Gold Standards for Dog Spinal Surgery — Are They Really the Best for Your Pet?

A “Gold Standard” is called that because it is considered the best in its category, whatever that may be. But just because it is the best, is it always necessary?

Dr. Richardson has been doing TPLOs and orthopedic and spinal surgeries for years, helping many dogs recover feeling in their back legs and the ability to walk again. The terrifying feeling when your pet starts dragging its feet or has wobbly back legs may put you in front of an emergency clinician with little time to spare. Yes, decisions need to be made quickly as the condition can deteriorate quickly. Unfortunately, the gold standard to diagnose the condition can often prove deadly by not leaving enough finances left over for the actual treatment. So, today’s gold standards for dog spinal surgery — are they really the best for your pet? This guest post by Dr. Richardson explains why they might not be.


 

Many diagnostic and treatment procedures for pets labeled “Gold Standard” are available in Sacramento, but not in all locations, so they are not always accessible to everyone. Finances are also a key issue for most people seeking veterinary care for their pet, and so the best is not always affordable. But just because you can’t get the best care, a.k.a. the gold standard, it doesn’t mean you can’t get quality care for your pet to deal with the issue at hand.

Say for example that your dog has a ruptured disc in its back. The gold standard for dog spinal surgery diagnostics would be an MRI, which takes quite a bit of effort and expense, and on an urgent basis, it is much less accessible than myelography. To define the two procedures, MRI uses a large magnet to realign the hydrogen atoms of your body to get detailed images of the spine and soft tissues relating to it. Myelography involves the injection of a dye to follow the spinal cord to see where it is pinched. Both MRI and myelography locate the area of the spine that needs surgery; but with myelography, the cost is less so that more money can go towards paying for the actual treatment.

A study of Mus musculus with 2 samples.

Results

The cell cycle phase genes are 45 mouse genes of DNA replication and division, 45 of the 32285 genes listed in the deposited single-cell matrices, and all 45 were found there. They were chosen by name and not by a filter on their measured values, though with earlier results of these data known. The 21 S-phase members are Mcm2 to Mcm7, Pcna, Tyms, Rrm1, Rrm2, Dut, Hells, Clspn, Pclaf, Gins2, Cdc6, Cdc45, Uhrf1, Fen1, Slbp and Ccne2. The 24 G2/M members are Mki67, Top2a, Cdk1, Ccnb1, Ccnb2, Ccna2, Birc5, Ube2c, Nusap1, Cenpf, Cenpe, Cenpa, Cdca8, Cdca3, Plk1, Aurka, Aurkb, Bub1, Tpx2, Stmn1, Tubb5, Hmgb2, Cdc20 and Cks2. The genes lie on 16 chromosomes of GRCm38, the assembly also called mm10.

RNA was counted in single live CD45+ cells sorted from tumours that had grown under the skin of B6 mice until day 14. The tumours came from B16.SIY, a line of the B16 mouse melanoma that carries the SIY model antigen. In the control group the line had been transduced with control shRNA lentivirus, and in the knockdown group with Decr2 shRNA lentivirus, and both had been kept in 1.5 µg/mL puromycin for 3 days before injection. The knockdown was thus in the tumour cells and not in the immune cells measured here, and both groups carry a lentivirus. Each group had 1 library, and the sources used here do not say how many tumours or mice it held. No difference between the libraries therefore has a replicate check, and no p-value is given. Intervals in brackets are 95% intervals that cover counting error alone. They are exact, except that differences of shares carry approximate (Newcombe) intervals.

Even before so-called gold standards of care came about, many disorders and diseases were managed and cured by other known, compassionate, workable standards of care. Myelography was once considered the gold standard for spinal imaging. It has been successfully used for over 40 years. It remains the back-up procedure at UC Davis when MRI is not accessible. Some doctors will arrogantly label myelography as archaic, but its ability to diagnose and preserve a pet’s mobility and do so at an affordable price solidifies its usefulness in spinal imaging. It is a foundational tool that should never be regarded as ineffective, dangerous or even life threatening, especially if you are choosing between that or euthanasia for your pet.

My message here is this — if a gold standard procedure is not accessible or affordable to you, don’t let that make you feel inferior if you have to choose a lesser option to save your pet’s life. We have been fortunate to have been consulted on many cases by pet owners after another veterinarian recommended euthanasia; whereas instead, we were able to use myelography as a viable alternative to help heal their pet. We’ve also seen some pet owners who have spent their entire available budget just on the MRI, leaving nothing to afford the actual surgery.

Hence, gold standards can threaten your pet’s life. Keep this in mind as you are making health care decisions for your pet. We believe the goal is always to keep our patients healthy, comfortable and mobile — with diagnostics and treatment options that are accessible and affordable. Compromise may have a bad name in many circumstances, but in this case, it can save a life.

—Dr. Richardson

*Pictured above is Keebler in a Walkin’ Wheels dog wheelchair donated to him by Handicapped Pets.